A new study took a closer look at the relation between a good night’s sleep or its lack in people with metabolic syndrome. This term is used for describing a cluster of three or more risk factors. These can include anything from high blood pressure, high blood sugar, high levels of LDL or ‘bad’ cholesterol and low levels of HDL or ‘good’ one.
Now, this latest research found that sleep in both its quality and duration can also have a significant impact on patients with this syndrome. Namely, getting less than 6 hours of sleep can even double the risks of stroke or heart diseases.
Metabolic Syndrome Patients Advised to Sleep Longer
The study team based its results on data gathered from 1,300 volunteers. Both men and women, these agreed, as a first step, to spend a night in a sleep lab. Then, they were followed for about 17 years. 22 percent of the study participants died over this time period,
Research results showed that those with metabolic syndrome that slept for 6 or fewer hours a night presented 2.1 times higher risk of developing heart disease. They were also more likely to suffer a stroke. This also increased their risks of an early death, according to the study team.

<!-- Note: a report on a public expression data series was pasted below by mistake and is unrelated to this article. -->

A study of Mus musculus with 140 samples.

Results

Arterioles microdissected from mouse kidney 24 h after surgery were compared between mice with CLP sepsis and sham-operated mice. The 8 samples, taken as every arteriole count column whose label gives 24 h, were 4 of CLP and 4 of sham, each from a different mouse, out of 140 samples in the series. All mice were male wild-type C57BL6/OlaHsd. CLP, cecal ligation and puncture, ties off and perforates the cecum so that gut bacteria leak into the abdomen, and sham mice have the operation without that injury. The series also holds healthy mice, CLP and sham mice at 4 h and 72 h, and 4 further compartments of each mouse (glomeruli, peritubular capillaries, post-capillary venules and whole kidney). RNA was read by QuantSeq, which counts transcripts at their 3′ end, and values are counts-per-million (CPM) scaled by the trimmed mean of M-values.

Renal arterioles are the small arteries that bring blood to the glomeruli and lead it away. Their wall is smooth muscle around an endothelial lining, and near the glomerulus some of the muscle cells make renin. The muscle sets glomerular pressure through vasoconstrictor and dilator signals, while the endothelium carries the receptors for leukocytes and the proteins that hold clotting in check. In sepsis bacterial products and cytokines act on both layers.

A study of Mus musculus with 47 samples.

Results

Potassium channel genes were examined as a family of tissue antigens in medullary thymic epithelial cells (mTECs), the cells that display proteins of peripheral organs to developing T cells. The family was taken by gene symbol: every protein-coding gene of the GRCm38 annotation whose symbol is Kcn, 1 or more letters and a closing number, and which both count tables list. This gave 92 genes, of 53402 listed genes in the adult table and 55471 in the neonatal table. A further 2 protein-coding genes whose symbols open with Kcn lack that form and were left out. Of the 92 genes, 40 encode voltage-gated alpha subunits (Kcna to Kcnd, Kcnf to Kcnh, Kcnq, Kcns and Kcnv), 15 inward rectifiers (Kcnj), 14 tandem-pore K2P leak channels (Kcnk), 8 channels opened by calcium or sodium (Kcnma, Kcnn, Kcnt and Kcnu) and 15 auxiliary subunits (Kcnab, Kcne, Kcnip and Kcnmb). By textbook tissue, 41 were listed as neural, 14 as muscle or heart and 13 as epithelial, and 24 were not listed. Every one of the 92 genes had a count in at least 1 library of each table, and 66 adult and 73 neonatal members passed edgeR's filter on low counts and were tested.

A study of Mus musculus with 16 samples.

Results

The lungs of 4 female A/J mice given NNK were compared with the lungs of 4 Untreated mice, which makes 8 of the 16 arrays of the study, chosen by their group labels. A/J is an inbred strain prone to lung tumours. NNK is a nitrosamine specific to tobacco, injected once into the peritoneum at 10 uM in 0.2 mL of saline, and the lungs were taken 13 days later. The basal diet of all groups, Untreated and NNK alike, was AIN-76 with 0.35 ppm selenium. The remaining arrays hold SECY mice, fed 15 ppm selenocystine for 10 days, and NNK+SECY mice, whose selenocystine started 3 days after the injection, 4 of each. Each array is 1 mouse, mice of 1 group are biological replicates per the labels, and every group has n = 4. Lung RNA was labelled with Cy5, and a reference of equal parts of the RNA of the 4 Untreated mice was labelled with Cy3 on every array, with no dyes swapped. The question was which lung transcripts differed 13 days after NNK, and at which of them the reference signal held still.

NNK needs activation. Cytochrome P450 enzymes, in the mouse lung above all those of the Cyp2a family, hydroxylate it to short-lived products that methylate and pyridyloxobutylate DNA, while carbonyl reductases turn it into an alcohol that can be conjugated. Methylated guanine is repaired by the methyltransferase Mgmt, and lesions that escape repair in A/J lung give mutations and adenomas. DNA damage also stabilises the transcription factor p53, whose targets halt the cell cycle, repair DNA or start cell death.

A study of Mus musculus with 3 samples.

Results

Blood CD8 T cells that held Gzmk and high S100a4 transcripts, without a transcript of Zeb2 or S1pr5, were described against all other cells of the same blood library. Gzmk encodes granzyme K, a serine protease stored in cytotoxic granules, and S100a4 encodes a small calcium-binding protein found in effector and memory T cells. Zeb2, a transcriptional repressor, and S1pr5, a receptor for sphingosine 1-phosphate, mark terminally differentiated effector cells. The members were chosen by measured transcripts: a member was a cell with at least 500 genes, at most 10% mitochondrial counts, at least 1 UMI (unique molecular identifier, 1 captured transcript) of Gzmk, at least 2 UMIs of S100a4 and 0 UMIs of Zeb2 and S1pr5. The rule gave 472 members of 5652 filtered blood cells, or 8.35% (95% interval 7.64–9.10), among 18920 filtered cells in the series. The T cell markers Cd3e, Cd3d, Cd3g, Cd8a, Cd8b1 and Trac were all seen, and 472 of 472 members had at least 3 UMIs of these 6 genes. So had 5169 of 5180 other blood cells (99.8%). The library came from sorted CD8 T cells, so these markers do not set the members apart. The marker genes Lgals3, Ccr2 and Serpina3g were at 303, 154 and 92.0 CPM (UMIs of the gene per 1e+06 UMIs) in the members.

Those to sleep more than 6 hours every night and with metabolic syndrome also presented an increased risk, but a lower one. Their chances of suffering a stroke or from heart disease was about 1.5 times higher.
“It is possible that improving sleep in people with metabolic syndrome may lead to a better prognosis, which means not worsening into [what] could ultimately lead to early death,” said Julio Fernandez-Mendoza, the study’s lead researcher.
Still, Fernandez-Mendoza underlined that this new study did not prove a cause and effect relation between less sleep and dying from a stroke or heart disease. Only that such a connection exists in people with metabolic syndrome.
He also added that more than one factor might be at play in this association. Also, the researcher considers that more studies should focus and review this matter.
Study results are available in a paper published in the Journal of the American Heart Association.